Taiken Japan

Autumn Leaves 2016

Japanese Curry vs. Indian Curry: A Spicy Match!

Japanese Curry vs. Indian Curry: A Spicy Match!

Louise Dupuy

Are you a curry fan? In the Land of The Rising Sun, you aren’t alone. Japan is a nation of curry lovers. CoCo’s Ichibanya is the worlds largest chain in Japanese curry houses, offering diners traditional (and not so traditional) flavours synonymous with the Japanese dish of choice. However, Japanese isn’t the only Asian curry you should try. Allow India to enter the fray with their offerings, and join me as the two go head to head.


Japanese Curry

This is in fact a wonderfully diverse dish. It’s served with rice, usually white, but can vary in spice level and ingredients added. Traditionally though, it contains onions, carrots, potatoes, and meat, usually pork, beef or chicken. Katsu curry is probably one of the best known; breaded and sliced meat is added to the usual base. It’s pretty good. CoCo’s has some great twists on the traditional, offering up sausage, vegetarian, and seafood varieties along with the staples. They have a variety of spice levels too, from 1 to 10, with 10 being the hottest. Anyway, before this turns in to a restaurant review, let me refocus on the curry as a general dish. It’s brown in colour, reasonably thick, and has a hearty flavour, slightly peppery. Most places can adjust spice level, or of course this can be done at home if you cook it yourself. It’s good all year round, but especially nice as a winter warmer. It’s convivial, and fairly simple to make, in terms of ingredients used. The sauce itself usually consists of curry powder, flour, and oil, with the powder giving the curry its distinctive brown colouring.


Hideya HAMANO on Flickr


Indian Curry

Another diverse dish. Indian curries come in all sorts of flavours, and with a variety of bases. Creamy or vegetable, mild or spicy, meat or vegetarian, you’ll definitely find a curry to suit your taste. In India, a lot of curries have lentils as their featured ingredient, due to meat being an expensive commodity to a lot of the population. However, you can still find chicken varieties. Never beef, cows are sacred. Unlike the Japanese curry which generally keeps the same base, Indian varieties use a multitude. Spices help to achieve different flavours, and more often than not, combine a mix to achieve diversity. What’s it taste like? This depends on the individual dish. But in general, Indian curries are sumptuous and bursting with flavour. Great if you love your food to have a bit of kick to it. If you’re just dipping your toes in the Indian curry pool, allow me to recommend some great starters: Dupiaza. A tomato based curry with chopped onions and green peppers, and usually chicken, mutton, or vegetarian. It’s a medium spice level, so has enough of an effect without blowing your head off! The tomato is a strong flavour, you can taste it more than the other ingredients, but the other vegetables have soothing undertones. The way it’s cooked means the onions go soft, which I love. Another good starter is the tikka masala. A creamier variety, packed with masala spices, and usually with chicken, mutton or vegetables. Again, fairly mild, but with a lot of flavour, so you get the experience without all of the hotness! If you do fancy a hotter curry, a Bhuna might be more suitable. However, in Japan, most places will give you an option for spice levels, so you can try pretty much any type at a level that suit your tastebuds.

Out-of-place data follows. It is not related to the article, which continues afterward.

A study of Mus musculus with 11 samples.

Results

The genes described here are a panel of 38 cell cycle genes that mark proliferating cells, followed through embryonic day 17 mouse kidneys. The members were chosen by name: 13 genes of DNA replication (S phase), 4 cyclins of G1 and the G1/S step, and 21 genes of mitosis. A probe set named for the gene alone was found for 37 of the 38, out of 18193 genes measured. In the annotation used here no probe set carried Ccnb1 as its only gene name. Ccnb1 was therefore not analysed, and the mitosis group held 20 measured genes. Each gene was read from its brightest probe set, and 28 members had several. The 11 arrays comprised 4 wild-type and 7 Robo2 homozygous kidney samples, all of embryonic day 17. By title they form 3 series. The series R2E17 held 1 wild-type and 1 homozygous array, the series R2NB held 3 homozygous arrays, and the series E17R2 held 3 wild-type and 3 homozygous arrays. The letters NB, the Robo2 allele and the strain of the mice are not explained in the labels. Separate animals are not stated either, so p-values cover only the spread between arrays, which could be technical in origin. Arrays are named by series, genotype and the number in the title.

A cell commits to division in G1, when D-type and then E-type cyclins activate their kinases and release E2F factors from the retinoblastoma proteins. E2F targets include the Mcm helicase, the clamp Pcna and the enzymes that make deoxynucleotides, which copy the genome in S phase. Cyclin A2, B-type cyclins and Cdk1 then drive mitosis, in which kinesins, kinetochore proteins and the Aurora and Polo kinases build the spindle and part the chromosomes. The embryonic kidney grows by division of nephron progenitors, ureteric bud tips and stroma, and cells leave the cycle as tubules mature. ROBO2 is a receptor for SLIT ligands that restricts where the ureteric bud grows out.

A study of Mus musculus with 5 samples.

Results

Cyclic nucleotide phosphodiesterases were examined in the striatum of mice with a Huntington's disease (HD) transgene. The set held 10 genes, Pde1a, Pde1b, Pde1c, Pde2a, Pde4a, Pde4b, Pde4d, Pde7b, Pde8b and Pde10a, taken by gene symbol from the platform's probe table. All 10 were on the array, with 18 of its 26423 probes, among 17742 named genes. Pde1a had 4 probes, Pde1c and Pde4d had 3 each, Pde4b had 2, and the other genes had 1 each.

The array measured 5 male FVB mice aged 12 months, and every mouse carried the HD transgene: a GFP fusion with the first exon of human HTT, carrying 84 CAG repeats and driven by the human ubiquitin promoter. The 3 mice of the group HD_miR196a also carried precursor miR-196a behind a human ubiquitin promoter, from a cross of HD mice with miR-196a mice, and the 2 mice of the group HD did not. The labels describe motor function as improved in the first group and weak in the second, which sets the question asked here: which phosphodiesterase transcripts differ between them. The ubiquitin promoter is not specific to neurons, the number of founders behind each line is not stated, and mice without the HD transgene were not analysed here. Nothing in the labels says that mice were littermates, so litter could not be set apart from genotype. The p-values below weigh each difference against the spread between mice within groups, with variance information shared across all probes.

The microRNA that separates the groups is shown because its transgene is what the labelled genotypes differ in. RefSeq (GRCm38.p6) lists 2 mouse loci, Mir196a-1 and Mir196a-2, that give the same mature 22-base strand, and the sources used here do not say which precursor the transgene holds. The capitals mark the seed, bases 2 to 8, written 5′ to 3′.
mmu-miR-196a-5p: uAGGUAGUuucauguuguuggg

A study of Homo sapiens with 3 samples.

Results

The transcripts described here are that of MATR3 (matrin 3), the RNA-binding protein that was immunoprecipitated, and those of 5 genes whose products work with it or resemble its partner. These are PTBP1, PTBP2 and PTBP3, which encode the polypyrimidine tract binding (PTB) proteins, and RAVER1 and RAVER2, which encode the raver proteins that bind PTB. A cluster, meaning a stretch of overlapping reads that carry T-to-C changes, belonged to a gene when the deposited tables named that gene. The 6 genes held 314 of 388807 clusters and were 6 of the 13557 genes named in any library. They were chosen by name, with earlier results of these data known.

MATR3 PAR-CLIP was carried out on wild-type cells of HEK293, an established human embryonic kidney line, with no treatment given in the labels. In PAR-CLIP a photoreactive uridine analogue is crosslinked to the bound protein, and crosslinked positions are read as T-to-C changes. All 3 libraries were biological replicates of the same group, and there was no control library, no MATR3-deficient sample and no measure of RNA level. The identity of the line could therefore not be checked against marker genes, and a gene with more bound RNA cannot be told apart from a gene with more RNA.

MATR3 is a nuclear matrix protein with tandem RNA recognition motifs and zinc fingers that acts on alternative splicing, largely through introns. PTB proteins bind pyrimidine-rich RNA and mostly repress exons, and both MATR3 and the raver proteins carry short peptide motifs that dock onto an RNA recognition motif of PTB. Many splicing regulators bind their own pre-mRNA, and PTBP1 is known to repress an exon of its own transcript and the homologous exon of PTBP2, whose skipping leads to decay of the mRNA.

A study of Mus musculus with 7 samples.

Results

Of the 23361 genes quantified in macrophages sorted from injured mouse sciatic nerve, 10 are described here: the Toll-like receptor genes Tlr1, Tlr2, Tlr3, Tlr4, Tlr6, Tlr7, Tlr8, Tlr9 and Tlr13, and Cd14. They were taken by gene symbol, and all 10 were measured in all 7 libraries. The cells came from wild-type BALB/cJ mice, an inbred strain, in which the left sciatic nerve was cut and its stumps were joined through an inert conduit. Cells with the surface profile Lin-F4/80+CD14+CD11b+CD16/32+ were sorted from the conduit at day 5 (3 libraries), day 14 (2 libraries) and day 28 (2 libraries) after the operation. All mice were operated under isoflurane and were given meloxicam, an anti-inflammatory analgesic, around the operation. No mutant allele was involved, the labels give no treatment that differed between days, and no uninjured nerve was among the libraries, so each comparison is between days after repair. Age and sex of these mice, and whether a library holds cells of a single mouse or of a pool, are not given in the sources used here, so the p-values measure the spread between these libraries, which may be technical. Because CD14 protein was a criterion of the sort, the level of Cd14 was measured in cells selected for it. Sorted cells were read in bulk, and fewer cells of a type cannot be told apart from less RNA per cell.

How Do They Compare?

In a few ways, let’s go through the list. First, constituency. Japanese curries are almost always quite thick, compared to Indian, where some dishes can be almost soup-like. Second, variety. Japanese curries retain the same base, and usually only vary in meats and amount of spice added, whereas Indian curries come in a plethora of flavours, varying not only in main ingredients, but also spices and bases used. Third, flavour. This is a hard one to field, but let me try. Most Japanese curries have the same flavour, though of course different meats or vegetables will affect this. It’s warm, comforting, and hearty. By comparison, Indian curries are opulent, flavourful, and decadent.



Which is Best?

Such a tough call! Each have their own merits, and far be it for me to tell an individual which one they should like more! My best advice? Try them! If you have never experienced either before, now’s your chance! My personal preference is actually Indian, but I do really love a good Japanese curry too! I’m a big fan of CoCo’s weenie and cheese dish in particular, spice level 2, perfect.


Guilhem Vellut on Flickr

Do you have a preference? Which curry do you think is the winner? Why not let us know on Twitter?